President Obama delivered a speech before a few thousand in a sports arena in Strasbourg, France, on Friday -- but his real audience was clearly the entire world.
The event was billed as a town hall with French and German youth, but Mr. Obama began with a half hour address designed to improve America's image around the world.
Mr. Obama directly addressed the strain between America and Europe over the past several years, saying the relationship has drifted. He then sought to say that the reasons for that drift come from both sides of the Atlantic.
"In America, there's a failure to appreciate Europe's leading role in the world… there have been times where America's shown arrogance and been dismissive, even derisive," he said.
"But in Europe, there is an anti-Americanism that is at once casual, but can also be insidious. Instead of recognizing the good that America so often does in the world, there have been times where Europeans chose to blame America for much of what's bad," Mr. Obama said.
Mr. Obama added: "On both sides of the Atlantic, these attitudes have become all too common. They are not wise. They do not represent the truth."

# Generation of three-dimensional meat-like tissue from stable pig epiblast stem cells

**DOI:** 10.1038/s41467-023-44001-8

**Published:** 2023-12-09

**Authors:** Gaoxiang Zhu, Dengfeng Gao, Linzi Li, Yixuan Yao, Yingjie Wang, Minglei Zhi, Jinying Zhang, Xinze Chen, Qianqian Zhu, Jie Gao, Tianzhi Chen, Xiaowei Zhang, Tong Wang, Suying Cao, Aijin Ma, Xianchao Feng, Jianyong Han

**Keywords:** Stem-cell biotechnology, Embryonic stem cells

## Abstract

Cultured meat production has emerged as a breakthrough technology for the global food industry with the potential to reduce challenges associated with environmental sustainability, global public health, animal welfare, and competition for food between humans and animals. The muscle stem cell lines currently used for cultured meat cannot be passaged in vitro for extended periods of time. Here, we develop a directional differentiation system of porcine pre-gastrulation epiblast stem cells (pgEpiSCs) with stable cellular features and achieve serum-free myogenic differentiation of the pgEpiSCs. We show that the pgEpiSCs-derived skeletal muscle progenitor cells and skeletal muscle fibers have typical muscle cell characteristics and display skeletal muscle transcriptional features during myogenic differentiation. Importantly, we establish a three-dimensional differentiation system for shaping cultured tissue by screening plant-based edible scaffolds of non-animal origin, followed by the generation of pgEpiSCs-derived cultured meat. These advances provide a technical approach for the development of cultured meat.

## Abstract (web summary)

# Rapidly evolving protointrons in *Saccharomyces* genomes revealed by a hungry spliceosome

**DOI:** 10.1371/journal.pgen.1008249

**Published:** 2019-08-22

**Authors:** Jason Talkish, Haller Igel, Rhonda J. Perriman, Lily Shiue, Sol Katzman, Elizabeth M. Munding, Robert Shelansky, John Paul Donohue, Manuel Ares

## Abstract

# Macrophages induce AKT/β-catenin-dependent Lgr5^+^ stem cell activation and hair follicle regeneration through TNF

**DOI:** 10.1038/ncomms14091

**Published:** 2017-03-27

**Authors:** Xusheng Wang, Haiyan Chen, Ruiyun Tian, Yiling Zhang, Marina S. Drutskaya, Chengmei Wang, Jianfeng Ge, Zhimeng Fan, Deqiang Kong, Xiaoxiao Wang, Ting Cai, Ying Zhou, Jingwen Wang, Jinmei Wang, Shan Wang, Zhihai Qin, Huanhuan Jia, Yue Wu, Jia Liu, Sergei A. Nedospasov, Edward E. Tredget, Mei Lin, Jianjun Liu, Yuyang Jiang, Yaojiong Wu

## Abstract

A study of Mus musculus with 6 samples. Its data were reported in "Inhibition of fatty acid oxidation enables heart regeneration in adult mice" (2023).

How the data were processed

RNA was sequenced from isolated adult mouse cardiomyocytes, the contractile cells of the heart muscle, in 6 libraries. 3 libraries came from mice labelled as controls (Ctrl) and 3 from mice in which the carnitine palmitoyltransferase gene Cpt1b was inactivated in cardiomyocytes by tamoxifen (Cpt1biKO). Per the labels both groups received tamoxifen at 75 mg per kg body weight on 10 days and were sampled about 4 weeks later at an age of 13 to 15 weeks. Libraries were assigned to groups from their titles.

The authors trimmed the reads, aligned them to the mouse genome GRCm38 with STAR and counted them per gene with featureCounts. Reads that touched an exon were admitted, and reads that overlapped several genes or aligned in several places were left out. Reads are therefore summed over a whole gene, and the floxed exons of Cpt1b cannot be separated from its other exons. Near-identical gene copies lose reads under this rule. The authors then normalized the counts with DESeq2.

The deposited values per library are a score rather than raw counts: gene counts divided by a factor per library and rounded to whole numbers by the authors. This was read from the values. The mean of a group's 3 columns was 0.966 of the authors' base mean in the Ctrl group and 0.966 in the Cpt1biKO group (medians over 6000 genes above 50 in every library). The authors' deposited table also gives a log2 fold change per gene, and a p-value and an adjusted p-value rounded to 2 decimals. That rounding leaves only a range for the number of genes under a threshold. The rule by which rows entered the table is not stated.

"I've come to Europe this week to renew our partnership," he said.
In a nod to those who are blaming the U.S. for the global economic downturn, he admitted that the U.S. shares blame. But he added: "Every nation bears responsibility for what lies ahead."
Another one of the main headlines from the speech was his call for a world without nuclear weapons. He said his recently announced agreement with Russian President Dmitry Medvedev to reduce both countries stockpiles was a first step in that process.
"Even with the Cold War now over, the spread of nuclear weapons or the theft of nuclear material could lead to the extermination of any city on the planet," Mr. Obama said.
Mr. Obama said he will address a more detailed strategy on nuclear nonproliferation on Sunday.
On Guantanamo, he touted his decision to close the controversial prison within a year.
"Without equivocation that the United States does not and will not torture," he said.
And during the question and answer Mr. Obama also addressed the most contentious issue between the U.S. and Europe during the Bush presidency – the war in Iraq.
Mr. Obama said "we got sidetracked by Iraq" after the world came together in the aftermath of the 9/11 attacks.
But he added that the U.S. still needs Europe's help to battle al Qaeda in Afghanistan and Pakistan. That will be the major focus of the NATO Summit he is attending today and tomorrow.
"We have not fully recovered that initial insight that we have a mutual interest in ensuring that organizations like al Qaeda cannot operate," the president said. "I think it is important for Europe to understand that even though I am president and George Bush is not president, al Qaeda is still a threat."